Author Wendy Mitchell issues plea for 'choice of how we die' as she announces her death after battle with dementia

22 February 2024, 17:55 | Updated: 22 February 2024, 18:11

Author Wendy Mitchell
Author Wendy Mitchell. Picture: Family Handout
Kieran Kelly

By Kieran Kelly

Author Wendy Mitchell issued a heartbreaking plea for a "choice of how we die" in her final message, which has been published after she died following a battle with dementia.


At the time, she was working as a rota manager in the NHS, but quickly rose to prominence as an author and became a best-seller with Somebody I Used To Know.

In a posthumous post shared by her daughters online, Mitchell argued "it’s amazing how such little value is placed on the act of dying" given that 100 per cent of the population will be affected by it.

“Sadly assisted dying isn’t an option in this country. With something that will affect 100 per cent of the population, regardless of wealth, intelligence or ethnicity, it’s amazing how such little value is placed on the act of dying," she wrote.

Wendy Mitchell has died aged 68
Wendy Mitchell has died aged 68. Picture: Family Handout

“For those that have read my book, One Last Thing, you will understand why I feel so strongly about assisted dying," Mitchell went on.

"The only legal choice we shouldn’t have in life is when to be born; for everything else, we, as humans, should have a choice; a choice of how we live and a choice of how we die.”

It comes amid growing calls for a change in the law on assisted dying, after TV legend Esther Rantzen, who has lung cancer, revealed she has signed up to Dignitas.

Dame Esther has launched a campaign for a law change, with MPs conceding that it is time for a new debate on the subject.

Read More: ‘Dogs get treated better than humans’, Esther Rantzen says, as TV legend demands assisted dying law change

Read More: Tearful Carol Vorderman shares her assisted dying wishes with heart-wrenching story of her mum's final days

Speaking to LBC's Nick Ferrari at Breakfast, Education Secretary Gillian Keegan said she had spoken to people in her constituency in favour of assisted dying.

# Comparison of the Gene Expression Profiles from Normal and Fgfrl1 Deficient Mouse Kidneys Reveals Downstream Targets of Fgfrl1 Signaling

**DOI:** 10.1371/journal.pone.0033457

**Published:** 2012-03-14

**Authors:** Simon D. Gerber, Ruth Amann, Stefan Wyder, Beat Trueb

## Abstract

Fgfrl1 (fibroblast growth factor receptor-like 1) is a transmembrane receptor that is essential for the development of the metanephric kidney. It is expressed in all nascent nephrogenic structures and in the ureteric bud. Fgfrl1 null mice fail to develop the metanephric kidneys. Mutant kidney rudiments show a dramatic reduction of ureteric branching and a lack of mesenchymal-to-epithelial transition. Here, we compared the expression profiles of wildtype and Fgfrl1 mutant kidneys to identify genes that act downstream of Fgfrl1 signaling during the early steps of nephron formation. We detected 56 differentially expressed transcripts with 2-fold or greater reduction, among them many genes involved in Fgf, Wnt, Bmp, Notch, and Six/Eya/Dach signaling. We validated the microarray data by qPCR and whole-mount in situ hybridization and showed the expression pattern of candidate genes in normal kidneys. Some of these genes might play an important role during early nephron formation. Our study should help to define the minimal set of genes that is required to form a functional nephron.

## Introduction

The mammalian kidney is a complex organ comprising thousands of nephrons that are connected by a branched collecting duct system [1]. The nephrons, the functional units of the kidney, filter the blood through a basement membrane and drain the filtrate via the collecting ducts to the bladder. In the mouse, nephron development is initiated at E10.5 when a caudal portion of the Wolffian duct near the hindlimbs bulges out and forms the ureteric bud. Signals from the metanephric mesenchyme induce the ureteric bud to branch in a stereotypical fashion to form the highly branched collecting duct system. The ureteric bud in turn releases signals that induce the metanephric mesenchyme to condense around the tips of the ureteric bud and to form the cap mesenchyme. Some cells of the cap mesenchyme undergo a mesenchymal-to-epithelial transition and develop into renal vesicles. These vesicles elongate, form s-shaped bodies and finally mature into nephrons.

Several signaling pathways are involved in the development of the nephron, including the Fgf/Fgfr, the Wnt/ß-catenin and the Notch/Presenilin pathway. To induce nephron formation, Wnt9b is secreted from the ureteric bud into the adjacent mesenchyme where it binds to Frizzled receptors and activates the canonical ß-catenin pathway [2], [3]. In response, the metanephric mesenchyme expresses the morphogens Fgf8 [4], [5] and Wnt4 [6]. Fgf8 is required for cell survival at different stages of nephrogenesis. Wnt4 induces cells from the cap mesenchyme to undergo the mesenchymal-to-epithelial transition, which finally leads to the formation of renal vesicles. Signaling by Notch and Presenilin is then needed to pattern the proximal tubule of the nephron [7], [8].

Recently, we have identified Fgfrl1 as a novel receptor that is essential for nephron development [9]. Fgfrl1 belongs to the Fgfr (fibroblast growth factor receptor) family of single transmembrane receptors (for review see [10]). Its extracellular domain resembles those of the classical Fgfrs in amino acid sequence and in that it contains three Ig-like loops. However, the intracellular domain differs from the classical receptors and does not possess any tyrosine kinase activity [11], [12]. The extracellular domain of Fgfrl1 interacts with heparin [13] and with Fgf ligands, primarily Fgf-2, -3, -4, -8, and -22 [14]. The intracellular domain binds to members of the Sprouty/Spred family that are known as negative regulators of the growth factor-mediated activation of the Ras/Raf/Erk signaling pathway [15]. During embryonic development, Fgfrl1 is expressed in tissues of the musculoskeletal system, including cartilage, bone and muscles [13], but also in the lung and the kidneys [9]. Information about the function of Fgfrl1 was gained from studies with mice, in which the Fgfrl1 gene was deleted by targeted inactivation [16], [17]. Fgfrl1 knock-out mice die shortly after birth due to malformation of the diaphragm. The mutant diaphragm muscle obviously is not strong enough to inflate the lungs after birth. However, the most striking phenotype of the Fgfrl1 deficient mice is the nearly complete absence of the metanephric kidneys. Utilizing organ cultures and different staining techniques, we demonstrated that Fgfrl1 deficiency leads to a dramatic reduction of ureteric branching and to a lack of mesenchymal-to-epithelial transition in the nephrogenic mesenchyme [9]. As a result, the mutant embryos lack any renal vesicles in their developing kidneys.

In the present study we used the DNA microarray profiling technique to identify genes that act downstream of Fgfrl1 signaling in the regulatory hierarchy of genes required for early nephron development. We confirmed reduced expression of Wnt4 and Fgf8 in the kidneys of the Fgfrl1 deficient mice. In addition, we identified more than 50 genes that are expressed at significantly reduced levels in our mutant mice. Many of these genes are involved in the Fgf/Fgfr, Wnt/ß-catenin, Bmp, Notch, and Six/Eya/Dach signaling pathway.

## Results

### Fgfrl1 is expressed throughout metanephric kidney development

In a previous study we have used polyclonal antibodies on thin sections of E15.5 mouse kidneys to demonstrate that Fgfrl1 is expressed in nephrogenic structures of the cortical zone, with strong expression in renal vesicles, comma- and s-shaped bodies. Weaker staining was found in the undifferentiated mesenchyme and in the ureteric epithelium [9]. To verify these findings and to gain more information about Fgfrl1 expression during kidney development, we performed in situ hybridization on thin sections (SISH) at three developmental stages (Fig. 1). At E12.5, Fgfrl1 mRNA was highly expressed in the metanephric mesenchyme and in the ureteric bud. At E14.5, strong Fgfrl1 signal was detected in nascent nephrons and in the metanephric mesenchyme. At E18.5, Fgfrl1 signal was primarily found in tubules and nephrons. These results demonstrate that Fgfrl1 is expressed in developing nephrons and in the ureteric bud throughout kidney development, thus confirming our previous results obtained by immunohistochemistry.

"I think it is a topic that is often discussed. I quite often have home surgeries here and they will invariably be with someone who is elderly and almost all the people I go and see are in favour of this campaign for assisted dying," she said.

"It is a conversation that is happening and obviously Dame Esther has her campaign, as others have in the past, and I'm sure that will mean that there will be a debate brought to Parliament."It has been debated in the past, but I’m sure that there will be further conversations."

Wendy Mitchell on living with dementia

In the posthumous letter, Mitchell revealed she started to refuse to eat or drink.

“If you’re reading this, it means this has probably been posted by my daughters as I’ve sadly died,” she wrote.

“In the end I died simply by deciding not to eat or drink any more,” Mitchell continued.

“The last cuppa tea … my final hug in a mug, the hardest thing to let go of, much harder than the food I never craved … This wasn’t decided on a whim of self pity as you’ll discover by reading on.

“Dementia is a cruel disease that plays tricks on your very existence. I’ve always been a glass half full person, trying to turn the negatives of life around and creating positives, because that’s how I cope.

“Well I suppose dementia was the ultimate challenge.

“Yes, dementia is a bummer, but oh what a life I’ve had playing games with this adversary of mine to try and stay one step ahead.”

The revelation of her death comes a week before her next book, One Last Thing: Living With The End In Mind, is due to be released.

She also penned What I Wish I Knew About Dementia in 2022.